Even if Argentina hadn’t won the men’s World Cup, Lionel Messi would still be considered one of the greatest footballers (if not the greatest footballer) of all time. This isn’t a controversial opinion given the piles of team and individual accolades Messi has accumulated in his career.
But what about when you’re not within the Top 5 all-time of your sport?
I think about guys like Charles Barkley, a no-doubter Hall of Famer who never won a championship ring (and is constantly the butt of a running joke about this). He was an undersized power forward who averaged 22.1 points and 11.7 rebounds per game for his career. He’s one of the greatest NBA power forwards of all time. And yet, he’s somehow placed in a slightly lesser tier of greatness, and the lack of championships is often cited as the reason.
See also: Steve Nash, Ken Griffey Jr., Dan Marino, Marcel Dionne, and so on.
Winning a championship is hard, obviously and rightfully so. As fans, we assume that when a star player like Michael Jordan wins a championship, it’s because he used his exceptional skill combined with sheer will to lead his team to the promised land. But there are so many things on the path to a championship that are out of any one individual player’s control, so much luck and even more randomness. And, really, the hard part of being excellent is in the consistency and the longevity of it.
The number of championships an athlete wins is obviously not the only measure of greatness; Robert Horry is not considered an all-time great by anybody even though he has seven rings. Conversely, I don’t know that the lack of rings necessarily equates to lack of greatness.
Because today's date — 12/21 — is a palindrome, we decided that we were going to have a bit of fun with the questions this week. Questions today are decidedly, uh, palindromical.
An example question: A Brooklyn Net currently shooting better than 50% on his three-point attempts; the late career jersey number of the Toronto Raptors' single season record for FT%.
The Raptors single-season record holder for FT% is Jose Calderon, who wore #8 in Toronto but #81 in Detroit and Cleveland. So the second half is "81." Do you need to know that the player in the first question is Yuta Watanabe to solve this? No, but if you did, and you knew that he wore #18, then you wouldn't need to figure out the other half (i.e. if, for some reason, you didn’t pay attention to Calderon’s late-career stints in the Midwest). That said, “a Brooklyn Net" doesn’t necessarily identify Watanabe straight up. At any rate, the palindromical answer is: 1881.
NFL jersey numbers of: the league’s career leader in postseason passes intercepted; the player with the second-most career rushing yards; the "Honey Badger"; the 2015 MVP.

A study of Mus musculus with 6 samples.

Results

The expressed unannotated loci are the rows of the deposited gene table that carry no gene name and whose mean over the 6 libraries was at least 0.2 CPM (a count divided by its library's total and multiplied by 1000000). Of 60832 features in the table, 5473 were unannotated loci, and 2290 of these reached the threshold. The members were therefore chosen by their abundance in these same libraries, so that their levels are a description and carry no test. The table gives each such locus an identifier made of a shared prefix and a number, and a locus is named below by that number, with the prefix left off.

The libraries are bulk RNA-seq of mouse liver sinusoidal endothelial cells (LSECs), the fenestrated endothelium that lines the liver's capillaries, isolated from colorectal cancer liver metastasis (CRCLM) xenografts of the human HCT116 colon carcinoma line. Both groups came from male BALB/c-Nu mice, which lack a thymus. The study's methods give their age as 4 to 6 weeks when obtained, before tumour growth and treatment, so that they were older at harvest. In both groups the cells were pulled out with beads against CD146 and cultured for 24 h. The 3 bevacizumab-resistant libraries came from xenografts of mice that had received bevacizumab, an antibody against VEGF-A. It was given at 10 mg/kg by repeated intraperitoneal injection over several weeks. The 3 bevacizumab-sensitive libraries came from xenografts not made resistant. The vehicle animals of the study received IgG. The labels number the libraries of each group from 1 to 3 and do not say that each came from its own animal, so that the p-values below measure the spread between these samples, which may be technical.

MLB jersey numbers of: the batter with the most hits in 1990s; the only 24x All-Star who won 3x MVP; the pitcher the Blue Jays got from Cleveland for Josh Donaldson; Dwight Gooden’s nephew upon reaching the majors.
NBA jersey numbers of: the Philadelphia 76ers’ career blocks leader; the current league leader in total assists; a guy currently being paid $10,183,800 to not play for a Western Conference power; Amir Johnson as a Celtic; a Brooklyn Net with the same name as a famous racist.
NHL jersey numbers of: Al Iafrate as a Maple Leaf; the tallest player in NHL history, in his final season; the tallest player in NHL history in his first season. Then, the number of Hart Trophies won by: Mario Lemieux; and Bobby Orr. Then, the number of Vezina Trophies won by Patrick Roy. Then, the number of Conn Smythe Trophies won by Patrick Roy.
Answers from last week’s issue
In the Super Bowl era, four teams have started an NFL season 14-0. Each time the team made it to the Super Bowl, but which team is the only one that went on to win it?
This is a bit of a trick question, because the 1972 Miami Dolphins also ended the season 14-0 (the NFL was on a 14-game schedule at the time). The other teams that started 14-0 were the 2007 Patriots, 2009 Colts, and 2015 Panthers — all Super Bowl losers.
Only one NBA team has retired both #12 and #14 where the two players in question played together on that team at the same time. They shared a backcourt for 6½ seasons, and made two straight NBA Finals appearances. Who are they?
The Utah Jazz have retired the numbers of noted anti-vaxxer John Stockton and Jeff “Horny” Hornacek.
Five forwards have won 4+ Stanley Cups while wearing the #14 shirt. None of them ever scored 40 goals or 80 points in their career. Who are they?
Claude Provost (Canadiens 9x), Dave Keon (Maple Leafs 4x), Bob Bourne (Islanders 4x), Craig MacTavish (Oilers 4x), and Chris Kunitz (Anaheim, Penguins 3x) are the droids we’re looking for.
Twenty pitchers have ever recorded a season of 14+ wins and 12+ saves. The last time this happened was in 1986, when the pitcher was his team’s closer. Six years later, he made his only acting appearance, in a sitcom episode with one of his teammates. Who is he?
The episode in question aired in 1992, but it was not Homer at the Bat. In the Seinfeld episode The Boyfriend, Elaine begins dating Mets legend Keith Hernandez, who is accused by Newman and Kramer of spitting on them after a game. It turns out there was a second spitter on a grassy knoll outside Shea Stadium: Mets closer Roger McDowell.
Many thanks to Kylian Mbappé for being named his name and to you for being named your name, unless your name is Steve Cohen, because we get it, you’re rich, like really really rich, but can you just fucking stop?
Until next week, be the Ezequiel Carrera you wish to see in the world.